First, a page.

The entry below is being cross posted from Marjorie Arons-Barron’s own blog.
Mark Wahlberg, star of box office hits Boogie Nights, The Perfect Storm, The Departed, Lone Surivor and more, and executive producer of Entourage and Boardwalk Empire, was one vicious dude in his teens. His rap sheet from the 1980’s reads like a series of scripts from brother Donnie’s NYPD series Blue Bloods. Of particular relevance today is that the former Marky Mark, now a huge Hollywood success, has business interests that could be helped if he were pardoned for his earlier crimes.
At age 15, in June 1986, he and two other Dorchester toughs chased three black children, yelling “kill the nigger, kill the nigger,” and threw rocks at them. The next day, one of those children on a field trip from the Mather School to Savin Hill, recognized the three assailants from the previous day. Wahlberg and his friends followed the teacher and the students, yelling racial epithets, again throwing rocks and hitting them. The court ordered them to stay away from the neighborhood children.
Two years later, in April 1988, things got more serious. Wahlberg attacked Dorchester resident Thanh Lam as he was crossing Dorchester Avenue carrying two cases of beer. Wahlberg brandished a heavy wooden stick, called Lam a “Vietnamese fucking shit,” and beat Lam over the head, breaking the stick. As the criminal complaint describes, Lam “fell to the ground unconscious.” He was treated overnight at Boston City Hospital.
Wahlberg and his buddies fled the scene and, not long afterward, came upon another Vietnamese man, Hoa Trinh. He put his arm around Trinh’s shoulder to evade the police and, when the police had passed, punched Trinh in the eye, knocking him to the ground. Trinh lost the sight in that eye.
Later that evening, Wahlberg was arrested and readily admitted the attack, seemingly proud of what he had done and spouting a stream of racial slurs. The prosecutor asked for a two-year sentence for attempted murder, but Wahlberg pled guilty to assault. Instead of two years, Wahlberg did just 45 days in the Deer Island House of Correction.
He was into drugs and kept getting into scrapes, including a 1992 attack on a neighbor, in which he beat and kicked him “without provocation,” breaking his jaw. Eventually he started to turn things around. During the ’90’s, Marky Mark cut some records, had a couple of hits and was memorable posing in a provocative Calvin Klein photo campaign. Movie opportunities rolled in, and for the last 20 years he has been a highly paid celebrity.
So now he has applied to the Massachusetts Board of Pardons . He says he has been a model citizen, and, as the Wahlburgers restaurant chain he owns with his brothers seeks permits to expand, he wants to wipe the slate clean.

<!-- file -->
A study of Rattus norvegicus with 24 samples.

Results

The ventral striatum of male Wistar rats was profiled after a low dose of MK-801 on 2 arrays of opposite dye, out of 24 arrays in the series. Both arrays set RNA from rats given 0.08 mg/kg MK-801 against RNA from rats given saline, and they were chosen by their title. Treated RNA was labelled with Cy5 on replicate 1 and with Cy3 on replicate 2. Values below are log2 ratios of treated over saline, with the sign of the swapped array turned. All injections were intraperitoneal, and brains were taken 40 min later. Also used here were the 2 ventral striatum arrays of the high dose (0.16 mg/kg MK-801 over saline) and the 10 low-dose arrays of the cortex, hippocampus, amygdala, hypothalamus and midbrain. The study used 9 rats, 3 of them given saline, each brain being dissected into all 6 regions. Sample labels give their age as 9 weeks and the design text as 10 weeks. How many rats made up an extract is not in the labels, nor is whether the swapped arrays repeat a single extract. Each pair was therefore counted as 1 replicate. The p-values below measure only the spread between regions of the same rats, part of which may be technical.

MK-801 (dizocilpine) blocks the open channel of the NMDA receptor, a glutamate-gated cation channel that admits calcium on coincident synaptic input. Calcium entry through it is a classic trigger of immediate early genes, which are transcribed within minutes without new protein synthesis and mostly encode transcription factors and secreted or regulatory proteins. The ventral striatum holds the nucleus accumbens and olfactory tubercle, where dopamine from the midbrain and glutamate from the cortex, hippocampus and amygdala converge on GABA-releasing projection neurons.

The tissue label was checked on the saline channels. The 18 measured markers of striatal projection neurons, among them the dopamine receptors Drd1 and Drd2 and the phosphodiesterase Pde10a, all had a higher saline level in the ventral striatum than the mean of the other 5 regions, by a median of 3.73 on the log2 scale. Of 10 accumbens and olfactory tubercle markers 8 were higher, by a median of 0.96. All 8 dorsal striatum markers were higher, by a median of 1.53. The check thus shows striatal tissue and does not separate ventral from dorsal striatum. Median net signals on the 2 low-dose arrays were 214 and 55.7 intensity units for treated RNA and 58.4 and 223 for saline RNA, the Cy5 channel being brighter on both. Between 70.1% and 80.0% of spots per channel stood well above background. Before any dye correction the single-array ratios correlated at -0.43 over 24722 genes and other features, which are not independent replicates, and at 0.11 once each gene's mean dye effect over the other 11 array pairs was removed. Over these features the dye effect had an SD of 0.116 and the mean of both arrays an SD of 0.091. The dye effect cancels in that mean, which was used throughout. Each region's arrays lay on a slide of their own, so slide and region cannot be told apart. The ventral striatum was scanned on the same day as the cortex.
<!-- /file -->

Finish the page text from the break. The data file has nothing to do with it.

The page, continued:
Some in the old neighborhood don’t want to forgive him for the fear and brutality he rained down on them. One critic wrote that Wahlberg shouldn’t apply for a pardon as a lesson to troubled youth that “their actions have repercussions even it they later become wealthy celebrities.” But Nam Phan, the executive director of VietAID, a Vietnamese community center that opened in 2002, told me that he believes Wahlberg’s regret is sincere. Pham left commercial banking to work in the community, and the VietAID mission, he said, is all about helping people and providing second chances.
Wahlberg’s statement in seeking a pardon includes an apology to those whom he injured. But apparently he has never sought out the two Vietnamese men and asked them face to face for forgiveness. Even if he can’t find them to do so, here’s an idea.
Wahlberg created the Mark Wahlberg Youth Foundation, which donates to youth causes, among them the Boys and Girls Club of Dorchester. For the last three years, VietAID has sought a grant from Wahlberg’s Foundation but has never received any response. I would think that the Board of Pardons, and indeed the entire community, would look very favorably on a significant Mark Wahlberg Youth Foundation grant to the Vietnamese community. To start, how about one to VietAID? Make it big, and make it annually. Maybe he could even get brother Donnie to bring the Blue Bloods cast (including Tom Selleck and Tom Brady’s ex, Bridget Moynihan) to headline a fundraiser. If Mark Wahlberg were to get a pardon, perhaps he could commit an annual percentage of Wahlburgers’ profits to Boston organizations fighting racism.
Mark Wahlberg terrorized his Dorchester neighborhood, and backed his racial slurs against blacks and Vietnamese with brute force. People were traumatized, some for life. Wahlberg has turned his life around. The neighborhood still faces challenges.
Pardon him perhaps, after a full public hearing and a thorough review by the Governor, who should be less star struck than the Governor’s Council if Wahlberg comes before them. But first let Wahlberg engage his victims, provide substantial support and make it personal.